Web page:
Fri | Feb 26, 2021

FRAUD ALARM - Women, millennials main targets of credit, debit card thieves

Published:Friday | December 4, 2020 | 12:30 AMEdmond Campbell/Senior Staff Reporter
Credit- and debit-card fraud is a cause for growing concern.
Credit- and debit-card fraud is a cause for growing concern.

While credit- and debit-card fraud remains the most prevalent financial crimes committed locally, the Bank of Jamaica (BOJ) is reporting that females and millennials are disproportionately targeted by the fraudsters.

Major Keron Burrell, head of policy and methodology at the BOJ, said young people between the ages of 18 and 34 were more frequent victims of credit- and debit-card fraud.

In an online presentation Thursday on fraud trends during the coronavirus pandemic, Burrell said that women were perceived to be easier targets by the perpetrators of card heists.

In 2018, card fraud accounted for 90 per cent of total losses to deposit-taking institutions. While the number fell to 80 per cent in 2019, Burrell said that the central bank saw an uptick in card-not-present fraud in which the criminals started to target online activities.

“As we have increased the security around and the guidance on card fraud, that fraud has fallen as a percentage, but card-not-present fraud has increased over the period,” Burrell said.

“Similar to the experience of many countries, relocation of banking services to cyberspace during the COVID-19 pandemic is proving to be an incentive for financial criminals to attack financial institutions.”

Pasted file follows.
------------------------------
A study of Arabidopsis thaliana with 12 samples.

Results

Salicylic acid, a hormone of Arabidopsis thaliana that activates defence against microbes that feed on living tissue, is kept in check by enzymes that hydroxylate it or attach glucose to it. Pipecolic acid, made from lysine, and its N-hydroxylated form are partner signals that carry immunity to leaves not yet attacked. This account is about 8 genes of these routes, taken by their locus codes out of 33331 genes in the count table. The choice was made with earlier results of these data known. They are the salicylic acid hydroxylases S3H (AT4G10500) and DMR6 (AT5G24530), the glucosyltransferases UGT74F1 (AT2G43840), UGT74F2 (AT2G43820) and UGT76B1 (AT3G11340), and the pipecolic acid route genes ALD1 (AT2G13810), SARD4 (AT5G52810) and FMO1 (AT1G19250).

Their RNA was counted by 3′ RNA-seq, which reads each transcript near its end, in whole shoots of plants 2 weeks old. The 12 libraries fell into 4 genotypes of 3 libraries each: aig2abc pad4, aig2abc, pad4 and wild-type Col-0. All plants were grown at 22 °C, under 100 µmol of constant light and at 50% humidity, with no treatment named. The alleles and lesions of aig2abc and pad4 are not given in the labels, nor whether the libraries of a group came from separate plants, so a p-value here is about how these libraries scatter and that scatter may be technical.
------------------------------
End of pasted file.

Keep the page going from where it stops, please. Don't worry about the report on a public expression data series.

He warned that financial criminals had set their sights on beneficiaries of the Government’s CARE and PATH welfare programmes, which provided relief to persons impacted by the economic fallout from COVID-19.

He said that various types of fraud, including impersonation, have surfaced across several countries as unscrupulous individuals prey on persons hoping to benefit from COVID-19 assistance.

“This emerging typology is one that must be monitored carefully in our jurisdiction, especially in the context of possible decline in the Jamaican economy and the reality that significant portions of the population depend on each pay cheque for continued survival.”

The BOJ expert said that at the start of the pandemic, fraud spiked as persons were trying to benefit from the outbreak.

“As we saw that fraud started, the central bank sent two correspondents out to the banking sector, and, of course, it started to fall.”

In a study on banking fraud, the BOJ highlighted a number of challenges faced by the banking sector as it tackles fraudulent activities.

The central bank cited insufficient human resources, a cumbersome judicial system that issues insufficient sentences to convicted fraudsters, expensive and time-consuming implementation of anti-fraud measures, and a lack of reliable information.